A bill to curb campaign contributions from special interest groups gained a key supporter in the General Assembly today, as figures were released showing the size and number of those contributions have risen dramatically in election years since 1978.
State Sen. Sidney Kramer (D-Montgomery), a member of the Senate committee considering the bill and a candidate for county executive in Montgomery County, announced his support just before a hearing on the bill.
Kramer voted against similar measures in previous years, when the bill has died in committee by one vote.
Kramer was swayed by the fact that spending limits in this bill are more reasonable than limits in previous bills, according to Lanny Davis, Kramer's campaign chairman. Kramer also believes the growth in the number of PACs over the last two years merits imposing "reasonable limits," Davis said.
In the 1978 elections, 50 political action committees were active in Maryland, according to information released today by the lobbying group Maryland Common Cause, and the top 10 groups contributed about $150,000.
During the 1982 election year, the number of PACs swelled to more than 200 and contributions from the top 10 exceeded $500,000, the Common Cause study stated.
Last year, according to the study, PACs donated $269,743 to 128 state legislators in anticipation of this year's elections.
Kramer was the third leading recipient last year with $10,259 in contributions, according to the study, behind House Speaker Benjamin L. Cardin (D-Baltimore), who received $15,190, and state Sen. Dennis F. Rasmussen (D-Baltimore County), who received $13,650.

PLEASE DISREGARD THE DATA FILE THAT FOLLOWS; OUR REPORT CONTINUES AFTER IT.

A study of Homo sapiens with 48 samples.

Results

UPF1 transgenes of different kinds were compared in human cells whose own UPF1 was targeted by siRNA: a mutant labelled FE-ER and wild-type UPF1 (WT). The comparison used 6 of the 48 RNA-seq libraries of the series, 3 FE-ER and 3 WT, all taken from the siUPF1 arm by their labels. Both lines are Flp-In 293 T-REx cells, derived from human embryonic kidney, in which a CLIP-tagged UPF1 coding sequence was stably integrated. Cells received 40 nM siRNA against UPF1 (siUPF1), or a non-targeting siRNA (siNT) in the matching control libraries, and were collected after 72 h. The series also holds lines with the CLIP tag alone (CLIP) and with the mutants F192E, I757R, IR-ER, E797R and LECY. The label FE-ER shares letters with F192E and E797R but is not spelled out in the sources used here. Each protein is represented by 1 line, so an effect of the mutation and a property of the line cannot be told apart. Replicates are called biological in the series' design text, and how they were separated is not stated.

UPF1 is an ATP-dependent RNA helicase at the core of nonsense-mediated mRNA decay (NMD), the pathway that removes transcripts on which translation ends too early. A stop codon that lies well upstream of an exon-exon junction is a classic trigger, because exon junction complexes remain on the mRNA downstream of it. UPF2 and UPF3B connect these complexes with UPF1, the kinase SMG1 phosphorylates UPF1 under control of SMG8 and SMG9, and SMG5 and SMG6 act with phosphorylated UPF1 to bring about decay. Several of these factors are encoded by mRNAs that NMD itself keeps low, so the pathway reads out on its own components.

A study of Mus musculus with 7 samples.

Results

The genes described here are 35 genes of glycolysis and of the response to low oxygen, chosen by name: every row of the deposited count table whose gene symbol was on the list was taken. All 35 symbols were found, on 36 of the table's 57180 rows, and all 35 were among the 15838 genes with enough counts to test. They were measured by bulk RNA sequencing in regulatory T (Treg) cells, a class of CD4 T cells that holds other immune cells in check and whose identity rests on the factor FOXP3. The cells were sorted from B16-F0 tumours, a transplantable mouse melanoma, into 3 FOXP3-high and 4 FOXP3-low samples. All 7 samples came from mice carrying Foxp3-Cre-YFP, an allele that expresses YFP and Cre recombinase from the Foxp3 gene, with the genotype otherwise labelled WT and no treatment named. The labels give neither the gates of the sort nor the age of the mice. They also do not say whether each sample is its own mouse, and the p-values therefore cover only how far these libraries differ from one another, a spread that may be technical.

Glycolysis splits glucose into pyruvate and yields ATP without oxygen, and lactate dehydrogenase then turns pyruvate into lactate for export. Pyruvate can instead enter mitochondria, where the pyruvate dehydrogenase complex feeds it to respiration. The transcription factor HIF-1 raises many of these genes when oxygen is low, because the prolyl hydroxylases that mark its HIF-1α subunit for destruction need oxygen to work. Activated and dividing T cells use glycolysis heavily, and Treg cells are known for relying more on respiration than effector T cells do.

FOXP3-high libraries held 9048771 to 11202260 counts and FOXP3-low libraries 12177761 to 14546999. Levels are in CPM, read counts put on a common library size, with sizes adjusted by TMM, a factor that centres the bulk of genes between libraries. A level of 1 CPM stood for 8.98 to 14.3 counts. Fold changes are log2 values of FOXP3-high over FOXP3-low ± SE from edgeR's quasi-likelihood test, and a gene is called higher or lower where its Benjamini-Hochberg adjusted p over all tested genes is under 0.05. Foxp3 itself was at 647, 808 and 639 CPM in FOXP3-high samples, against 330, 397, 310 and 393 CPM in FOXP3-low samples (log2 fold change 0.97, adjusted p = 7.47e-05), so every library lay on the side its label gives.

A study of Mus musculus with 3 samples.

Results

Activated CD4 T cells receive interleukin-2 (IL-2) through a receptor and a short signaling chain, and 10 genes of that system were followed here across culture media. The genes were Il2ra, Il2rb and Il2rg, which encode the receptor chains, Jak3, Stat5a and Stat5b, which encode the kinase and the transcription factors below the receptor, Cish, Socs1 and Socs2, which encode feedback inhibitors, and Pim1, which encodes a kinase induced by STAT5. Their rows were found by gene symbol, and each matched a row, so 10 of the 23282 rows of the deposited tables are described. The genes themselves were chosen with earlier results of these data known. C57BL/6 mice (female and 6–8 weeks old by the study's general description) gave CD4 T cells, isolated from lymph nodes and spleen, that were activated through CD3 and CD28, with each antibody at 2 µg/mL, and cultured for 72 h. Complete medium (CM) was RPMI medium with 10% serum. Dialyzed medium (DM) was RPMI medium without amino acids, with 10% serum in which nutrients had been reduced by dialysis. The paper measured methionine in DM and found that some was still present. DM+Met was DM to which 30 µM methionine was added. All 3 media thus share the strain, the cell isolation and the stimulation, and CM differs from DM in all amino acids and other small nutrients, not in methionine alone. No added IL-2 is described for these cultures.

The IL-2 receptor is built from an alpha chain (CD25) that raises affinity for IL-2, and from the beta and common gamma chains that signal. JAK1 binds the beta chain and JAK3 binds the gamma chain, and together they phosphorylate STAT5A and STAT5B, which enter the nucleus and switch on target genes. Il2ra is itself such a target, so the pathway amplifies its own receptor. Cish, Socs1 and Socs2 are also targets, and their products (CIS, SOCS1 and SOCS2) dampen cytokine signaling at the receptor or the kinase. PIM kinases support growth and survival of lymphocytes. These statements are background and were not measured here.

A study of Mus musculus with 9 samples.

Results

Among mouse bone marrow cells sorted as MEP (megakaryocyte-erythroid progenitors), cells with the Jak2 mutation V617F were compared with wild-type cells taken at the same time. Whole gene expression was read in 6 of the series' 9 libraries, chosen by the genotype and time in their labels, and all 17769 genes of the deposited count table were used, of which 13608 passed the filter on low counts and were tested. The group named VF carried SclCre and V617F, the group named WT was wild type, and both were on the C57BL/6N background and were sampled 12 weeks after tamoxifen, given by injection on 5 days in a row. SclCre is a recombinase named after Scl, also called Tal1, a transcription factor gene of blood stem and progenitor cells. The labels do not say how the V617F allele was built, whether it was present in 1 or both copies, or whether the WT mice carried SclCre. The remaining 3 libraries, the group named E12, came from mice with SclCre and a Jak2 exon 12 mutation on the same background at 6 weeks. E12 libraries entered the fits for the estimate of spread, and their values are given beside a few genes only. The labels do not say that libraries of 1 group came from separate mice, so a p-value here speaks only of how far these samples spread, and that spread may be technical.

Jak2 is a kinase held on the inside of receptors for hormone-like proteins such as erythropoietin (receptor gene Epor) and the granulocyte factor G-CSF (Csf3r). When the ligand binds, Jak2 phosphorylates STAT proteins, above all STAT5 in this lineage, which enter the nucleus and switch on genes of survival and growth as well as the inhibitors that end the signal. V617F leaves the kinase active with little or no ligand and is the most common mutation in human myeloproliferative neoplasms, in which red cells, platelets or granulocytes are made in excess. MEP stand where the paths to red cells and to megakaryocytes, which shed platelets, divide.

Cardin recently ended a bid for governor to run for Congress, while Rasmussen is said to be considering a race for county executive in Baltimore County.
Under state law, there are no limits on PAC contributions, as there are for contributions from individuals. Limits on PAC contributions were removed by the General Assembly in 1976 and since then PACs have flourished, according to Common Cause.
This year's PAC bill, sponsored by state Sen. Gerald W. Winegrad (D-Anne Arundel), would limit gubernatorial candidates to a total $20,000 contribution from PACs; county executive and mayoral candidates to $10,000; and candidates for other offices to $3,500.
The political action committees would be limited to a maximum of $1,000 in contributions per candidate and would be barred from setting up multiple committees, according to the bill.
The bill's supporters, led by Common Cause, were buoyed by Kramer's announcement.
"I think elections this year have everything to do with this issue," said Ricki G. Wadsworth, executive director of Common Cause. "I think these members will look at this issue differently this year."
Wadsworth said Kramer's decision vastly improved the measure's chances for favorable committee action, which would allow the full Senate to vote on it for the first time since the measures were first introduced in 1983.
But opponents vowed to kill the bill again, calling it a threat to the democratic process.
"This bill is dead," said Bruce Bereano, an Annapolis lobbyist who manages PACs on behalf of state cemetery owners, the tobacco industry and three other special interest groups.
Meanwhile, state Senate President Melvin A. Steinberg (D-Baltimore County) reacted coolly to the measure. "The key is disclosure," he said in an interview. "I believe in special interests."